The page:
Golf may be one of Scotland’s gifts to the world, but the golf community — a course surrounded by real estate — is almost purely an American idea. A flyover of the American Sun Belt will show you homes packed tightly together with threads of green fairways running through their mostly parallel lines.
Early in his career, the golf course architect Tom Doak chased golf community projects as he hunted work, but “I quickly realized I didn’t have the kind of name that would be attractive to someone wanting to buy a homesite,” he said. That lack of brand value may not be as apparent today as Mr. Doak has seven of his courses in the world’s Top 100, according to Golf Magazine. In Golf Digest, Doak has four designs among the Top 100 and seven others he has helped remodel.
Though Mr. Doak does not do a lot of developments, he is acutely aware of how one must incorporate housing, lodging, a clubhouse and other infrastructure into a world-class design without ever distracting from the golfing experience. The following interview has been edited and condensed.
What are the challenges of designing a course when you know homes will be present? What are the things you consider?
The biggest challenge is whether or not you will be allowed to put the golf holes where they fit the topography, or whether you will have to rebuild the topography around where the homes need to go.
Your new project, Te Arai Links in New Zealand, features homes along the 18th fairway. That kind of housing arrangement seems to be designed for the course to be showcased when one looks outside. Does that affect how you might make the hole look? Or do you think more about how you might make the surroundings look for the golfer playing the hole?
Well, as at Pebble Beach, the homes on the 18th at Te Arai are looking across the fairway toward the beach and the ocean, so I don’t know that it’s important for the features of the golf hole to stand out for the homeowners. You probably just want the fairway to look like your backyard. There might be some cases where I think about how a hole will look from the lots, but for the most part, my focus is on what the golfer will see.
Homes set back a reasonable distance from the edge of the fairway are not that distracting, but if homes start to creep into the line of sight for the golfer playing the hole, then it starts detracting from the golfer’s feeling of playing “out in nature.”
The American model of a golf community is not one that has been replicated very often internationally. Often the homes get the best land at the expense of the course. Can you speak to communities in America or internationally that you think have managed to achieve a balance?
Lots of famous older courses have homes around the perimeter of the course — Merion, Winged Foot, Pebble Beach. Others, like Yeamans Hall or Fishers Island, were master planned to marry golf and real estate as we do today, but they were only trying to get 50 lots around the golf course, not 250.
It’s when you build homes between the golf holes, that the priorities are truly flipped. There were tons of those sorts of golf developments built across America in the past 50 years. The lots got sold, and the developer was happy, but in the long term, many homeowners decided they didn’t really like having the course right in their backyard, where the maintenance crew is mowing a green at 6:30 in the morning, and where a stray shot into the backyard happens every couple of days.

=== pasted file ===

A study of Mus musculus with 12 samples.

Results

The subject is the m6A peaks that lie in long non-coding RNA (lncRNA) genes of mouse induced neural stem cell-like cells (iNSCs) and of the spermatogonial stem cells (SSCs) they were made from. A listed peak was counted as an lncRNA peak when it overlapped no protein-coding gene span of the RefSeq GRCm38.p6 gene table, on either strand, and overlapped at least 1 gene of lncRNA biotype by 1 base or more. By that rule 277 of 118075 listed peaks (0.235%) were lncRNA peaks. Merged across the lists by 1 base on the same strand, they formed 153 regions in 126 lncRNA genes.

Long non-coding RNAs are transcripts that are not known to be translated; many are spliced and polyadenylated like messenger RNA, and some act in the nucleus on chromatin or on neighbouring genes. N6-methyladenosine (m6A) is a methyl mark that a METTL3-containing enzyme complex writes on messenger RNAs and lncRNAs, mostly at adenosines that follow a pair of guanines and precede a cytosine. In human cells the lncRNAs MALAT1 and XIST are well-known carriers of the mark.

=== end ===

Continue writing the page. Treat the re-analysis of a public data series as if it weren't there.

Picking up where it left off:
How can good course design aid the development of not only housing but other essential golf infrastructure such as a clubhouse, maintenance buildings, and even restroom and eating facilities?
If we are thinking about the community as a whole while we design the course, we can incorporate things together much better. I’m working on a plan now where the halfway house for the course will be right next to a community park, so it can be used not just by golfers but by everyone who lives there as a great picnic spot.
If we understand the land plan, we may be able to incorporate walking trails through the course, so residents can really enjoy the value of the open space the course provides. That’s harder to do in America because everything is so litigious, and the safety of nongolfers is a concern as is potential vandalism to the course. But my experience from overseas is that when the two are integrated, the residents come to understand the rhythms of golf and when it’s safe to proceed — even if they know nothing at all about golf — and the golfers respect the safety of their neighbors.
One of the first projects you worked on was Long Cove Club in Hilton Head, S.C., built by your mentor, Pete Dye. Many of the homes on that course are hidden from golfers, though they are not far from the course. What did you learn about routing a course on that project that you carry with you today?
Nearly every hole at Long Cove is surrounded by homes on both sides, but the corridor for the golf holes is wider than normal — 400 feet instead of 300 — and there were lots of trees on the site. We only clear about 150 to 200 feet of trees for our fairways, so there’s 100 feet of trees on each side of the hole before you get to the homeowner, whether he cuts down all his trees or not. That’s enough to make it feel like you are playing through the trees, not through the homes.
Pete’s one rule was that he didn’t ever want to see a home located behind a green, where golfers would aim at it. The lots are always to the sides of the holes, but they don’t wrap around them.